Rubashkin to share ‘The Inside Story’ in Baltimore

Sholom Rubashkin (Zbigniew Bzdak/Chicago Tribune/TNS via Getty Images)

In 2010, Sholom Mordechai Rubashkin, then the CEO of Agriprocessors — at one time the largest kosher meat producer in the nation — was sentenced to 27 years in prison for financial fraud. In 2017, his sentence was commuted by former President Donald Trump.

Now, Rubashkin is coming to Bnai Jacob Shaarei Zion in Baltimore on Monday, Dec. 20, for a lecture and book signing of “The Inside Story,” where he shares his perspective of what transpired and tells what it was like to be an Orthodox Jew in prison. The lecture and book signing is open to both men and women. It will be followed by a farbrengen for men only at Yeshivas Lubavitch of Baltimore at 9:30 p.m.

Rebbetzin Rochel Kaplan, co-director of Chabad Lubavitch of Maryland and director of the Aleph Learning Institute, invited Rubashkin to speak in Baltimore because, she explained, his story of faith and resilience can inspire others going through difficult times right now.

“People are looking for answers,” Kaplan said. “We are living in a difficult time, with COVID, during which no one has been spared, and this man brings some light. His response — via his book — speaks to all groups. He addresses Jews of all faith levels.”

Kaplan said she was touched by Rubashkin’s story.

“I read his book, all 600 pages, cover to cover,” she said. “When I finished it, I said, ‘I am bringing him out to Baltimore.’ It impacted me in such a way that it impacted my life. His story was so powerful; it spoke so loudly to me. I felt that it truly did something life altering for me.”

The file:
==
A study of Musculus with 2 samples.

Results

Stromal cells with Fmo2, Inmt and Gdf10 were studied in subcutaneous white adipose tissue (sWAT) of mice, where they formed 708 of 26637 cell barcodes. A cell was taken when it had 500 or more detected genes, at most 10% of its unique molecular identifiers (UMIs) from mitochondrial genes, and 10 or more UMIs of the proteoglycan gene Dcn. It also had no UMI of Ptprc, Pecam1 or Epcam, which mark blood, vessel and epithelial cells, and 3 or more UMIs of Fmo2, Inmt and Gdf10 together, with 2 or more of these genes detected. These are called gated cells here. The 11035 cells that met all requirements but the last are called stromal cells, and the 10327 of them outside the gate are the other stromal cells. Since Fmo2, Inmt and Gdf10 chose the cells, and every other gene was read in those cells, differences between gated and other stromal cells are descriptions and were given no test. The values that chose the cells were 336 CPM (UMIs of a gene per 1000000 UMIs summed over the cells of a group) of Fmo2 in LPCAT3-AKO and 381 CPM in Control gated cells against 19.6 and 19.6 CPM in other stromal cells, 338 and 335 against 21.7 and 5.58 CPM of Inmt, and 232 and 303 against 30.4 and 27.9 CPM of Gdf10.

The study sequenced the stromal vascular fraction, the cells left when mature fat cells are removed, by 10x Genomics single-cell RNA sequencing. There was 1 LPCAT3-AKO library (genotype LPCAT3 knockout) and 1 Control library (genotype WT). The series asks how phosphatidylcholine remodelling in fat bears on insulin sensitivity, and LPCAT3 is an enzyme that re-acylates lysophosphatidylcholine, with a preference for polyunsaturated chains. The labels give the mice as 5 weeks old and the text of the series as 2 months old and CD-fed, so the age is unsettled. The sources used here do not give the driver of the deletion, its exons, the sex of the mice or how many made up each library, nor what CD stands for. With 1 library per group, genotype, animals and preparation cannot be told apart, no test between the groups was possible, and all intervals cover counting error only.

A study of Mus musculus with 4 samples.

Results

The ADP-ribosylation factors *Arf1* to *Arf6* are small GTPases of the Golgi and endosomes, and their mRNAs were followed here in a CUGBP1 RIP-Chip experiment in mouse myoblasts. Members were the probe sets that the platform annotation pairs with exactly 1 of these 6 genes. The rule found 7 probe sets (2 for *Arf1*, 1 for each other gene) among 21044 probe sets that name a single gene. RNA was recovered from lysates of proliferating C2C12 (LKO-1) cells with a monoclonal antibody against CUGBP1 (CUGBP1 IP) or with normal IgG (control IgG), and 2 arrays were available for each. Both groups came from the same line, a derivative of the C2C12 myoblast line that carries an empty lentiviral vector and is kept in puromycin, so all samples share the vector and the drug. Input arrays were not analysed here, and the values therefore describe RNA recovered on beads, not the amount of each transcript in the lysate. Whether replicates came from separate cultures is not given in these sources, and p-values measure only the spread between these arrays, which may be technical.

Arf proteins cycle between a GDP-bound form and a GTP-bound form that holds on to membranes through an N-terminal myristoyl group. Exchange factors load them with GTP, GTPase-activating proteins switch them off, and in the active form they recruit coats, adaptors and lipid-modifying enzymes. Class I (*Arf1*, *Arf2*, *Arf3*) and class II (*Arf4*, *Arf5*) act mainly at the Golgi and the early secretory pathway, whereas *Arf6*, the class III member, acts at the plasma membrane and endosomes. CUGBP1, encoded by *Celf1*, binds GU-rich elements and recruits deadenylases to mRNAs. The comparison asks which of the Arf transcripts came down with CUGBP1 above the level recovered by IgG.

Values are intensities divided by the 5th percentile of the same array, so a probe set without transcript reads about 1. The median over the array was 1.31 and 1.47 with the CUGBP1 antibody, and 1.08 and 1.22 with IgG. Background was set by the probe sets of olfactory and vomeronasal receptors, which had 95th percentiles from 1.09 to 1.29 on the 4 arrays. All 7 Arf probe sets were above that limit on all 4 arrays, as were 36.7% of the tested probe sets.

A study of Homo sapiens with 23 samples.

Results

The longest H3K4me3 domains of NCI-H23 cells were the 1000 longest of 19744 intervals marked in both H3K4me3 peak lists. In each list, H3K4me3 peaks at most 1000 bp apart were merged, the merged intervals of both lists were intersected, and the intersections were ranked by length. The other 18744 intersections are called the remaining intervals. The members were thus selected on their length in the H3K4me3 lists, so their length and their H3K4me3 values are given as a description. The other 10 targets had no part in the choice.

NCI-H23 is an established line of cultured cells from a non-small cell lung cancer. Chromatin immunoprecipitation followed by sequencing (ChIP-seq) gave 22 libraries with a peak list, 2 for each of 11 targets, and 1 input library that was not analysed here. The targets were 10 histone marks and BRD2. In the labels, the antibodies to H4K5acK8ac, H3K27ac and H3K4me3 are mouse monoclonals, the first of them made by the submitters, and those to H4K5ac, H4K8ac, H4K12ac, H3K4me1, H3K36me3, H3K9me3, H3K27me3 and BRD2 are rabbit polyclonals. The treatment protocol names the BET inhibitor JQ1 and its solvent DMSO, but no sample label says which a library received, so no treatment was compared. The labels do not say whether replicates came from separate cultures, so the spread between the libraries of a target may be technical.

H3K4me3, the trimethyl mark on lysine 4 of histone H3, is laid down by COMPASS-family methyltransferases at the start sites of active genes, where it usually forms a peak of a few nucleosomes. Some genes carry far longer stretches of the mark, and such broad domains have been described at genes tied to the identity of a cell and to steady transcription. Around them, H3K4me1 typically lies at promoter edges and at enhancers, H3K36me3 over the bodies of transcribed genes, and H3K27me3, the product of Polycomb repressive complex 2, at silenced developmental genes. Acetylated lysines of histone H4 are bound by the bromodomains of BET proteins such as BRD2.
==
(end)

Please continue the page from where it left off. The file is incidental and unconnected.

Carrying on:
The book, said Kaplan, covers the legal proceedings, as well as the personal aspects of his time in jail.

Kaplan said that she doesn’t get involved in politics, as the focus of her work is education.

“At the same time,” she noted, “this was a well-known, riveting case. You couldn’t ignore the legal aspects.

“The other part, something I relate to more, a place called prison, and what he experienced, something so unique. Many of us are trying our best to live a life that follows Judaic life. We want to live with purpose and fulfilled as much as we can.”

Rubashkin’s life in prison was anathema to the observant religious life he lived, Kaplan noted.

And yet, Kaplan said, “The beauty is as an individual, he carried his religious and his personal God just like Abraham. He found God in prison. He really lived above it. To be able to in the face of so much opposition, to be able to stick with all the details of your belief system, respecting others, it’s so commendable and awe-inspiring.”

Kaplan acknowledged that no one denies what happened with the Agriprocessors plant, but, she explained, at the end of the day, the book’s biggest message for her is about a Jew living in a non-Jewish environment, in prison, and how to “persevere and be true to yourself, for every Jew has a soul and a soul purpose.

“People are looking for answers, and I am looking to respond to what the people need,” she said. “I haven’t done a community event in a while, because of COVID, and this is a great opportunity. We’ll have the books available, and I know the community will get so much out of his story.”